Slender triangular tower proposed as Melbourne’s tallest skyscraper

DeciBel Architecture has proposed a design for what could become Melbourne’s tallest tower - a slender 330-metre high tower at a small triangular plot. The tower has had multiple rotations added to its design to fit the narrow site and still go as tall as possible.

“Tall buildings need their centre of rotation to be as close to the centre of mass as possible - our triangular shape has led to some very interesting tuning and innovation,” explained Dylan Brady, Decibel Architecture founder. He added, “As with any tall building, wind rules, and we have a series of open floors through the tower to allow for plant and for the wind perforation and confusion to occur. The western end of the tower is stepped, to detach laminar flows, and the eastern end is tapered, reducing load along the edge.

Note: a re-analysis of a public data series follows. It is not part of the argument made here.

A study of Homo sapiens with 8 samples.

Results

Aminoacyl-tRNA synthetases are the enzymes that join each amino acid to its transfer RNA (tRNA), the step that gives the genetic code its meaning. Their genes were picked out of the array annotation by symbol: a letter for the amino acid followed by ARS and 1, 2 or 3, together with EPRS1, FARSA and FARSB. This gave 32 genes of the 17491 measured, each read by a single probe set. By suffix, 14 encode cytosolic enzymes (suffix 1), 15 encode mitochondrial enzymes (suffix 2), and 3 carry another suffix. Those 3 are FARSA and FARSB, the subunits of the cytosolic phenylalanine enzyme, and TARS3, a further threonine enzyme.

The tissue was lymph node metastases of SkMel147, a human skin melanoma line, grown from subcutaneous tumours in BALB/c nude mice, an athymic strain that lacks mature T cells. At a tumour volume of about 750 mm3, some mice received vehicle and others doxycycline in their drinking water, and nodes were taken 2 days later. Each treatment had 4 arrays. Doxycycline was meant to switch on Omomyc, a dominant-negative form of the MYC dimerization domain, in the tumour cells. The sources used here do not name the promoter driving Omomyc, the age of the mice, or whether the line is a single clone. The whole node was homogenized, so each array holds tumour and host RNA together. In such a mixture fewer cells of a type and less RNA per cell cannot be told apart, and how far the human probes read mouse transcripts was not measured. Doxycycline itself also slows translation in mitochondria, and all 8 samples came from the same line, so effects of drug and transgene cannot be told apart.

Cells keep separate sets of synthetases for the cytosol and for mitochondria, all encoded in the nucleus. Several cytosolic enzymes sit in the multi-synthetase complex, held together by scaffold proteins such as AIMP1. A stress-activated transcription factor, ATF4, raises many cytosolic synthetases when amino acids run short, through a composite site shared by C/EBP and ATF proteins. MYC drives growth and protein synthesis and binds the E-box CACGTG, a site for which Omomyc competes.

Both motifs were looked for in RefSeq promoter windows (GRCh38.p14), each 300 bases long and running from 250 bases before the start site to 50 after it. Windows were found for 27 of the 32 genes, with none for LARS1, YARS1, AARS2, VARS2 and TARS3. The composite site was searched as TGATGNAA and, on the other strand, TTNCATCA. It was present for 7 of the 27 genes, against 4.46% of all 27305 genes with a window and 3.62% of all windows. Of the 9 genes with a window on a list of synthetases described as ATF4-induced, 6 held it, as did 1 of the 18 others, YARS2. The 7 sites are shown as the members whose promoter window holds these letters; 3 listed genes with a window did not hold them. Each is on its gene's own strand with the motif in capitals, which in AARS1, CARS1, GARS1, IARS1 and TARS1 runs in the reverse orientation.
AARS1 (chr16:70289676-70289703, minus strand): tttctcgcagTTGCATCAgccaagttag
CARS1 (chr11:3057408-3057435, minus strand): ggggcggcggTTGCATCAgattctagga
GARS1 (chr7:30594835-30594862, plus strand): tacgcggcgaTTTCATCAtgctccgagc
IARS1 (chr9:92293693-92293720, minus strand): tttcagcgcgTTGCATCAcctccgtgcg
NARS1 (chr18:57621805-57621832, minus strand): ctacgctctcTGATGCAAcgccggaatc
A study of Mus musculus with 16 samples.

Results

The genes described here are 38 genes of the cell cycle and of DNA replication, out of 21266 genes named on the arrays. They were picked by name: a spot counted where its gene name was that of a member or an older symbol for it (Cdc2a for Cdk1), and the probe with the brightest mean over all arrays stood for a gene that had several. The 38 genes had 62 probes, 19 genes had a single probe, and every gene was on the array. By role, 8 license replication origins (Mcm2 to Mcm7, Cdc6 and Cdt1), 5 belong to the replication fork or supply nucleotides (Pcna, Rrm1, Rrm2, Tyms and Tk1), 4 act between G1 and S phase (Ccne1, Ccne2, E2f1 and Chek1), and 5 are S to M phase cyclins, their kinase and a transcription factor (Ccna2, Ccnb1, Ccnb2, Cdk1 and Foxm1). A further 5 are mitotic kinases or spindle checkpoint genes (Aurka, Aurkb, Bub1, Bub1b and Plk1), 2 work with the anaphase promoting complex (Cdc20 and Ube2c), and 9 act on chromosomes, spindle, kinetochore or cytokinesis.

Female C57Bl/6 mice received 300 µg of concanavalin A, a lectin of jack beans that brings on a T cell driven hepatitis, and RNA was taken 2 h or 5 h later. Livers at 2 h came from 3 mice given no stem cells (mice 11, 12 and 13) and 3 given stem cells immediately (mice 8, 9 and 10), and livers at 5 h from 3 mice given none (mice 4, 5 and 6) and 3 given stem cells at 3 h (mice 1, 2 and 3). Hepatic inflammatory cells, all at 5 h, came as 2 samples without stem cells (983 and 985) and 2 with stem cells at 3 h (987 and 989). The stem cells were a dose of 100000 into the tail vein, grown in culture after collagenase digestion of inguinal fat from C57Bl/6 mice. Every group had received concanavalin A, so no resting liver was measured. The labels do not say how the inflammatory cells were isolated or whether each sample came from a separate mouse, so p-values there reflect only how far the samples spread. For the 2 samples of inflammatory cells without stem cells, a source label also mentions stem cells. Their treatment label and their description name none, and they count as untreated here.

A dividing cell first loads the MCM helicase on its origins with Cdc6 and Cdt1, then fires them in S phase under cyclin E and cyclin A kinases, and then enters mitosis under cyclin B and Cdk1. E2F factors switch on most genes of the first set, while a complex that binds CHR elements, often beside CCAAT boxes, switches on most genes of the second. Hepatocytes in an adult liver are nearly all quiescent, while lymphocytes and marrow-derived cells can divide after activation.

“We have allowed for an innovative new type of mass damper near the top of the building, developed here in Victoria, to gravity nail the upper reaches and reduce the sway.”

The site belongs to the Royal Society of Victoria which used the plot to host a weather observation facility prior to commissioning designs for a building on the plot. Besides height and slenderness, Decibel Architects also hope to push the limits in terms of sustainable design, partly to benefit the RSV. Solar panels would be fitted on the northern and western sides of the tower to power the entire building, along with oversupply that could be used by RSC facilities.